Source: Press TV
Criticisms are rising against the US Treasury Department for what lawyers say is its failure to clear up the ambiguity caused by a maze of overlapping sanctions and exemptions over Iran trade issues. At the center of criticisms is the Department's Office of Foreign Assets Control, known as OFAC.
Reuters has said in a report that international attorneys who regularly deal with OFAC have said the recommendations they receive from OFAC on sanctions issues relating to Iran are often vague and noncommittal.
This flies in the face of last week remarks by US Secretary of State John Kerry that traders can contact OFAC to inquire about the potential impacts of the remaining US sanctions on their Iran business plans.
Any firm concerned whether a prospective business deal with Iran would be legal, Secretary of State John Kerry said before a meeting with British bankers in London last week, should call the US agency in charge of sanctions, the Treasury Department's OFAC.
"It really shouldn't be complicated," Kerry has been quoted by Reuters as having told reporters, according to a transcript of his comments. "It's clearly defined, and when people have a question, we are available to answer those questions."
Since some sanctions were lifted, Iran has agreed to deals worth a total of at least $37 billion in sectors such as construction, aviation and car manufacturing, with companies including planemaker Airbus, carmaker Peugeot and Italian steel firm Danieli.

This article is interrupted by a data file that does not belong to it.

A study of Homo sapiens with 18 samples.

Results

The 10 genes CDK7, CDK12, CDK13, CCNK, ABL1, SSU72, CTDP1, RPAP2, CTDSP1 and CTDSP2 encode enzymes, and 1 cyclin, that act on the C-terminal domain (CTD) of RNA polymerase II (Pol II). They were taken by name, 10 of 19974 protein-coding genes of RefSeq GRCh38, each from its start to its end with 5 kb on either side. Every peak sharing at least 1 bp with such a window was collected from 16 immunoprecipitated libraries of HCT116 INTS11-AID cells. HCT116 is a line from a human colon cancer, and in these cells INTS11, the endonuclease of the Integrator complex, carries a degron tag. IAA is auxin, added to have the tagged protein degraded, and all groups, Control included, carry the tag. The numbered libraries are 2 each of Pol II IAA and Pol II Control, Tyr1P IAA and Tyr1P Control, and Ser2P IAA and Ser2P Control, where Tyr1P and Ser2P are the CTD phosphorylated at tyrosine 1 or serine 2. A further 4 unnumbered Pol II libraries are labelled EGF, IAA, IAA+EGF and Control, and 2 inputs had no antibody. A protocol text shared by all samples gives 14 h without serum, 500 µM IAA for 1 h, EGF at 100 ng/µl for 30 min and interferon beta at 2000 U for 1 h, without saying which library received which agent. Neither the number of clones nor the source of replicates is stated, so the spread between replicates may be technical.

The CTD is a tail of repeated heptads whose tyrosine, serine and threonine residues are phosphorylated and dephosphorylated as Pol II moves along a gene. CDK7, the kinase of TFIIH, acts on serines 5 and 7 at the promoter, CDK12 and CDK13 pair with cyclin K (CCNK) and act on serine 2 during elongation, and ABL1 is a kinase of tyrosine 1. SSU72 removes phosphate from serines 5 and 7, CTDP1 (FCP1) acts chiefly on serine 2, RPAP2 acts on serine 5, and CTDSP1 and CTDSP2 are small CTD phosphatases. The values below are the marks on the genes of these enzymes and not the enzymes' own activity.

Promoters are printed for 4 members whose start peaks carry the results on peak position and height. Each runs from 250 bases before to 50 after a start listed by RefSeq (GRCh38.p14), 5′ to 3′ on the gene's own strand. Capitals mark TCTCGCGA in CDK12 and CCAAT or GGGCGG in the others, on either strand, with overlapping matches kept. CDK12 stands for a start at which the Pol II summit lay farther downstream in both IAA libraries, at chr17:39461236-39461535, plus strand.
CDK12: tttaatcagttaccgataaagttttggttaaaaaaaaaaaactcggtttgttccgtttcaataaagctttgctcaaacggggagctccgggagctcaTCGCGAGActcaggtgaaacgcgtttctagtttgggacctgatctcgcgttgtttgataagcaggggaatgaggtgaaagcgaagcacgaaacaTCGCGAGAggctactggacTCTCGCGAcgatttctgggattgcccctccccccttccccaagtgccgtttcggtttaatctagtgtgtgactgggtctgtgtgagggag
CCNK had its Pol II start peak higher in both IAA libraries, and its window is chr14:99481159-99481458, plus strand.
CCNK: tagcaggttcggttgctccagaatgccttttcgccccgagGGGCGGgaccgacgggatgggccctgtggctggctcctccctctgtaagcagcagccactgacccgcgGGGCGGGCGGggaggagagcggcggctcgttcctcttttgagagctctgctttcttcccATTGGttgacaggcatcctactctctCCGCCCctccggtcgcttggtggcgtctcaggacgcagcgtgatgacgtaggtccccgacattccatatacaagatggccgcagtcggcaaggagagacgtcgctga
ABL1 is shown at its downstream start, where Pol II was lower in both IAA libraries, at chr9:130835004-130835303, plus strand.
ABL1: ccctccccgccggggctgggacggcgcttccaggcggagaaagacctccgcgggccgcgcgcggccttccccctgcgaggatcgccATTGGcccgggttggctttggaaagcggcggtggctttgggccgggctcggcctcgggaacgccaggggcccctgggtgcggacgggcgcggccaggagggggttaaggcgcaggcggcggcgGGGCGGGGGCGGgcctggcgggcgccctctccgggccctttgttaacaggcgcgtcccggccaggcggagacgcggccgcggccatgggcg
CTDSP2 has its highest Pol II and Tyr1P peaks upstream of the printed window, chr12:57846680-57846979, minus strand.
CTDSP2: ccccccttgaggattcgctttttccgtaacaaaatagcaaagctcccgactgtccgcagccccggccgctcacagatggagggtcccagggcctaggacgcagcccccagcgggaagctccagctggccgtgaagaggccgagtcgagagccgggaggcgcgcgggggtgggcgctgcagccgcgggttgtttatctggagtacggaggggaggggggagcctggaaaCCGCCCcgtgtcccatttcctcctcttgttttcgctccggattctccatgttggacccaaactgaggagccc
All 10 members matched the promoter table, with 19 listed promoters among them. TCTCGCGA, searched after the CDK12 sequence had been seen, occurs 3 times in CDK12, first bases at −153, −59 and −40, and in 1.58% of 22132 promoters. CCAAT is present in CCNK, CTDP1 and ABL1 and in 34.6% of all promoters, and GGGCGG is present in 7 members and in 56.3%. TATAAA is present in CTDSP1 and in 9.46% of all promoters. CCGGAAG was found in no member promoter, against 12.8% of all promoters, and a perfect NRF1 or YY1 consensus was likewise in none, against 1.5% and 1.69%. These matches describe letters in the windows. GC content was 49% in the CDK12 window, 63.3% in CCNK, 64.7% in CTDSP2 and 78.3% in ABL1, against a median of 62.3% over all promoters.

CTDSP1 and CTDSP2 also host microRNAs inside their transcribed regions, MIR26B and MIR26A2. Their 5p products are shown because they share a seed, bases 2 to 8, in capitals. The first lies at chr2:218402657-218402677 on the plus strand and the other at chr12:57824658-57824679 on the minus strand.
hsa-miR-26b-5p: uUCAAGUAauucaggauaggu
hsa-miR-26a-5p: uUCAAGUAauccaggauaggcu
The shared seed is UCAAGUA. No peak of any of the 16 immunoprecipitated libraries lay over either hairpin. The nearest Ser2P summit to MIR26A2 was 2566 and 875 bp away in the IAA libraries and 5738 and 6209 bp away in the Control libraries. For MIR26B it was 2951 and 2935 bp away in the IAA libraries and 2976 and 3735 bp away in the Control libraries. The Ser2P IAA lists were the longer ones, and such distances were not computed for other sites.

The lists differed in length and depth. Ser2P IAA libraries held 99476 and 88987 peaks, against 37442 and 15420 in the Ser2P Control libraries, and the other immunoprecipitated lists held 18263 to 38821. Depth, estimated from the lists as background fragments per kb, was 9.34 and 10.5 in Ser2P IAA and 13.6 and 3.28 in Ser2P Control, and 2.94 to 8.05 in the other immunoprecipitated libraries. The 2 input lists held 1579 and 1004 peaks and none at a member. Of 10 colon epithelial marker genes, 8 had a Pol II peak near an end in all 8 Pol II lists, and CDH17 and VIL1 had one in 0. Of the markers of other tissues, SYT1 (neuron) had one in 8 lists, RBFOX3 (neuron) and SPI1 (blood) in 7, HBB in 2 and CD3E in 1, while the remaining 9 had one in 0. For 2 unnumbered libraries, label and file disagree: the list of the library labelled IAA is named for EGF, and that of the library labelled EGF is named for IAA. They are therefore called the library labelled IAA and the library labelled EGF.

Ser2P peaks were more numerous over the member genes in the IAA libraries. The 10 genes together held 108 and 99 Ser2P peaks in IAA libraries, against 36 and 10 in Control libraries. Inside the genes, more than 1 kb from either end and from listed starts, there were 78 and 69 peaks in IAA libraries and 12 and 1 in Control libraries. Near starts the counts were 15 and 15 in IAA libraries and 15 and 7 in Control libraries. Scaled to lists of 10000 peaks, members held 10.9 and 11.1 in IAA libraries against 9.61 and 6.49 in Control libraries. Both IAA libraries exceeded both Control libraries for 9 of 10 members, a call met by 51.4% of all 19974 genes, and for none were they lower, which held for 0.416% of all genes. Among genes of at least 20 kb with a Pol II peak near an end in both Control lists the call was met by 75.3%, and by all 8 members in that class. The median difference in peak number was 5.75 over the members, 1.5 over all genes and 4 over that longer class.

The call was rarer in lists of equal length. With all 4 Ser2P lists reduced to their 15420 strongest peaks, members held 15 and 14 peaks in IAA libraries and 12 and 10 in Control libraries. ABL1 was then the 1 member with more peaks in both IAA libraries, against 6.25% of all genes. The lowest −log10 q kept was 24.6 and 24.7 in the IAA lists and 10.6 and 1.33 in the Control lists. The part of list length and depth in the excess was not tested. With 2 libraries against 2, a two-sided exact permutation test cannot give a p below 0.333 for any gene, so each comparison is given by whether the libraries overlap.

Dozens of other companies have said they are in talks or have signed provisional agreements with Iranian partners.
But lawyers say those deals will be difficult or impossible to carry out if large European banks refuse to finance them or transfer money in and out of the country, for fear that doing so might violate the remaining sanctions or that the restrictions might snap back, Reuters added.
Global businesses are still concerned about doing business with Iran in what is seen as a result of a fear of Washington's hefty penalties on companies that are found in violation of US primary sanctions against Iran.
US officials have emphasized that they are trying to soothe the concerns of global businesses in doing deals with the Islamic Republic.
Officials in Tehran, however, have in response emphasized that Washington's assurances over doing business with Iran have little effect as investors are still too scared to venture into the Iranian market as a result of the remaining US sanctions.